Coach Tip Tuesday: Broaden Your Definition of Good Weather
It’s time for another round of Coach Tip Tuesday!
Over the last several weeks, many, many athletes have made weather-related comments to me. This isn’t actually that unusual, but during the middle part of each of the extreme seasons (summer and winter), I tend to hear a lot more about the weather from athletes. Their comments are usually centered around wanting to do their workouts in “better” weather or wanting me to revise their schedules so that they don’t have to do quite as much (either in volume or intensity) in less-than-ideal weather.
I’m here this week to share with you what I share with each athlete who I work with: Broaden your definition of good weather.
Conditions will very rarely be ideal. The weather will likely always be introducing some level of adversity into your training (and your racing), so it’s a good practice to learn to embrace this truth. It will always likely be a little “too” something: too hot, too cold, too windy, too humid, too rainy, etc.
If you like racing, the chances are very strong that you signed up (or will sign up for) a goal event that is taking place in a season where “too” weather occurs. If you sign up for a triathlon in the summer, it is extremely probable that it will be “too hot” on race day. If you sign up for a running event in the winter, it is very likely to be “too cold” and/or “too windy”. If you sign up for a springtime race, it may very well be “too rainy.”
Though it might have felt that things related to the weather were “too” much in a lot of workouts up until his point, it doesn’t have to be this way. If you broaden your definition of “good” weather, you can change your mindset as you head into a workout (or a race) therefore set a more positive tone for how the workout will go and - more importantly - how you feel about it. I propose the following definition of “good weather” for you to consider:
Good weather is any weather that allows you to be able to train.
Yep, that’s it. Period, end of story. Truly, isn’t any circumstance when we are able to get out and do the recreational activities that we love (such as swimming, biking, running, hiking, etc.) a good one? Isn’t it wonderful that we have the strength and ability to move our bodies to help us achieve the goals we set for ourselves?
I’ve talked before about how obsessing over the weather is pretty darn counterproductive. Yet, despite the level of stress that fretting about the weather introduces into athletes’ lives, many, many athletes still do it and don’t take steps to actively reduce this worrying.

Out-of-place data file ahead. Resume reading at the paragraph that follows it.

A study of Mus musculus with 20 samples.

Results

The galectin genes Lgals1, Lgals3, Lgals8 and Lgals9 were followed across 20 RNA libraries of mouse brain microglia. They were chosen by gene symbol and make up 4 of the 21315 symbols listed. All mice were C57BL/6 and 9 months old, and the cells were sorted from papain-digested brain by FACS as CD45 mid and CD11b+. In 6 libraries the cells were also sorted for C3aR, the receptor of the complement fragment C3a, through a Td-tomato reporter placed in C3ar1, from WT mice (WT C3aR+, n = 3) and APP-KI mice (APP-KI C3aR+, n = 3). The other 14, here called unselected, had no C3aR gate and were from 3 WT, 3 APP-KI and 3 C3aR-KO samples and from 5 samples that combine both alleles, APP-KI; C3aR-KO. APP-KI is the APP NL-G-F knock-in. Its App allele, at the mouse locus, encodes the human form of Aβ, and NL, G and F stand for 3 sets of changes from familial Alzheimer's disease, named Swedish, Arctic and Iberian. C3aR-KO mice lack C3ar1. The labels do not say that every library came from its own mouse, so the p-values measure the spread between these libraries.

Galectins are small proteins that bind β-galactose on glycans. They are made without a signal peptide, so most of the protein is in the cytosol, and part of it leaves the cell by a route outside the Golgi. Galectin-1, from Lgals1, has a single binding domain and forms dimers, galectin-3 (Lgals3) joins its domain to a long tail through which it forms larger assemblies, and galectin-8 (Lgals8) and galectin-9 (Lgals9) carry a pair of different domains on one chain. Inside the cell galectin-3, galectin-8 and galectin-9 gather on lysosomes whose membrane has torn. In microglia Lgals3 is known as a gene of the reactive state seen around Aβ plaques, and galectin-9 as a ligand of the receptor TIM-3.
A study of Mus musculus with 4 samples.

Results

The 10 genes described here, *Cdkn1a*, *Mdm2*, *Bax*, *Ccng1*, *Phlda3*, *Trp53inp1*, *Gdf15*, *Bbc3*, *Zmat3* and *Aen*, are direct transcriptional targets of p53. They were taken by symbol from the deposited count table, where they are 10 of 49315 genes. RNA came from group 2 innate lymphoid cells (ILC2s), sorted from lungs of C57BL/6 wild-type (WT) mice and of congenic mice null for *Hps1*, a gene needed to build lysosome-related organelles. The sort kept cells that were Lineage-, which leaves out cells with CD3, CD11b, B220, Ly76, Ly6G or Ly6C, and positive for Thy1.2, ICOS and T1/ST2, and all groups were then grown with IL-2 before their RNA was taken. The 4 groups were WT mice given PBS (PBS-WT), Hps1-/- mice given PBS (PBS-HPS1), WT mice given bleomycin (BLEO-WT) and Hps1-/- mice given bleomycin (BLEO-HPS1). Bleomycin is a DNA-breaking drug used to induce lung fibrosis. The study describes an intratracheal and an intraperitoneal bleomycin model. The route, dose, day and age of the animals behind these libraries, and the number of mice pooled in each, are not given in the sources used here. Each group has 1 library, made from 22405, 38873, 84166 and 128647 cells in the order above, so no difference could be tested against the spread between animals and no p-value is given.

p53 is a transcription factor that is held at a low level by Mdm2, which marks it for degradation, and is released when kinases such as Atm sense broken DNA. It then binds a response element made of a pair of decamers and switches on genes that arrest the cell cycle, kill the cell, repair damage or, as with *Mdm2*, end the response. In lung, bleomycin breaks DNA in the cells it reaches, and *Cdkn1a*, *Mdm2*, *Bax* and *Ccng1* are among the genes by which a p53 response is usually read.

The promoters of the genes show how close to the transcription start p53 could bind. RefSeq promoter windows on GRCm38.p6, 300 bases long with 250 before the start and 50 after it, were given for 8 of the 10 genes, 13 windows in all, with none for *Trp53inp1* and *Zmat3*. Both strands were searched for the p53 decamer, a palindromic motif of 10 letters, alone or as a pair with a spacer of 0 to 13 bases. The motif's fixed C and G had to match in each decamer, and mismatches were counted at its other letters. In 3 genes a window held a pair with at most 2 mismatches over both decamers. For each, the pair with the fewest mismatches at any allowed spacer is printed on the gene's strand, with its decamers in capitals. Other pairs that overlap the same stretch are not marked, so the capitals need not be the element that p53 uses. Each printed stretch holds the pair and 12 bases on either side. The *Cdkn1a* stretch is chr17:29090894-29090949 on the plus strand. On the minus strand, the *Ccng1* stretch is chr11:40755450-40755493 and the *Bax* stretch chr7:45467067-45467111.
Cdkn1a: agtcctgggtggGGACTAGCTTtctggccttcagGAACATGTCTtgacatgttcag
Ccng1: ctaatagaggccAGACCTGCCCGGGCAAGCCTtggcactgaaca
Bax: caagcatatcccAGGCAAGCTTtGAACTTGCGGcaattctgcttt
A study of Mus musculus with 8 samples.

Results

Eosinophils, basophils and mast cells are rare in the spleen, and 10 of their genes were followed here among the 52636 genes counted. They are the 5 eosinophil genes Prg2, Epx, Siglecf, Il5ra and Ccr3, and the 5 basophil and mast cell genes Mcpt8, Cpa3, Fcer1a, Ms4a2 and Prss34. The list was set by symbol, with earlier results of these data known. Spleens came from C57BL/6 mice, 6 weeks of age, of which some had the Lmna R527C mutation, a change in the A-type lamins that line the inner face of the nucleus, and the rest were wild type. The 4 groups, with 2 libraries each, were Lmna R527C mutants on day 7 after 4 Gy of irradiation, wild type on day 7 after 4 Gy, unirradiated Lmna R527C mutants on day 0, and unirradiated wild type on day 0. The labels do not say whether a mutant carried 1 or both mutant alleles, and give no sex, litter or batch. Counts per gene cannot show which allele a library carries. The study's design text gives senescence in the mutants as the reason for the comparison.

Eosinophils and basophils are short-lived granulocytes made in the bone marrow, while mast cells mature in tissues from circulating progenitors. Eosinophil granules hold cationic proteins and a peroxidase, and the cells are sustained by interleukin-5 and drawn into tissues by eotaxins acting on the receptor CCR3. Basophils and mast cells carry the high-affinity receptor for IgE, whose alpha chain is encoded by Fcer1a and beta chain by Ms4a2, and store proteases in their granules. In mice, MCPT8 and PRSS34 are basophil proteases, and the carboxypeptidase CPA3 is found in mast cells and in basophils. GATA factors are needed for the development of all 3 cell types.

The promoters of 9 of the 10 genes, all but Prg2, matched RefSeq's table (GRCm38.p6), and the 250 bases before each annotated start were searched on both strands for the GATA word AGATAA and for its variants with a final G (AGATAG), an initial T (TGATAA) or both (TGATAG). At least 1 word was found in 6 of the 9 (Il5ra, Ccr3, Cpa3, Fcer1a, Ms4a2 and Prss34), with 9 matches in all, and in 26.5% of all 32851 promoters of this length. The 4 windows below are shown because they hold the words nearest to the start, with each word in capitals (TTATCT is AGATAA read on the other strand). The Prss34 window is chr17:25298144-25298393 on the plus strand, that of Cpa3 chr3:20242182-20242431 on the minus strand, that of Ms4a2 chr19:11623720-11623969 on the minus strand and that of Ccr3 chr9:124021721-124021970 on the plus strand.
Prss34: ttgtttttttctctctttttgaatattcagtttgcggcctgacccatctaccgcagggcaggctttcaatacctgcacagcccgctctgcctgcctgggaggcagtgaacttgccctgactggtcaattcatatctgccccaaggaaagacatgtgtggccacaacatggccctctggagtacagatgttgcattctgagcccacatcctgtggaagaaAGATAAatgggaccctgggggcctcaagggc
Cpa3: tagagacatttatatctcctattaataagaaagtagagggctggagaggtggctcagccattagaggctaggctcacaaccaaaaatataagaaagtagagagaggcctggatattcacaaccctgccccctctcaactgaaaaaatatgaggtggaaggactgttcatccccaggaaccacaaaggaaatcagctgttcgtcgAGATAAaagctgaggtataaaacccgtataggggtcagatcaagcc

I’m here to tell you all that you are all STRONG, capable athletes who are absolutely able to execute your workouts even in “too” weather conditions. If it’s “too” something to complete your workouts as planned, know that you have the tools in your athlete’s toolbelt that you need to modify the workout so you can complete it with strength while still feeling good about what you did.
The next time you think that the weather is “too” something, pause and ask yourself if the story that you are telling yourself is true. Is the “too” weather condition actually going to make it impossible for you to do what you have planned, or is it going to present an opportunity for you to learn and grow? Try to change the story that you are telling yourself to this: This isn’t an obstacle; it’s an opportunity. I can (and will) give my best effort, no matter what the conditions throw at me.
If you can broaden your definition of “good” weather, you will find that you are able to complete your workouts feeling good and with strength. You can invest the mental energy you previously may have spent fretting about the conditions into building your athlete’s toolbox by training in a variety of conditions so you can feel good about what you are doing on a daily basis as well as be prepared for anything and everything that may come at you on race day.
Coach Laura Henry
Laura Henry is a Syracuse, NY-based coach who is a USA Triathlon Level II Long Course and Level II Paratriathlon Certified Coach, USA Cycling Level 2 Certified Coach, VFS Certified Bike Fitter, and has successfully completed NASM's Certified Personal Trainer course. Coach Laura is passionate about helping athletes of all ability levels reach their goals and has coached many athletes to success.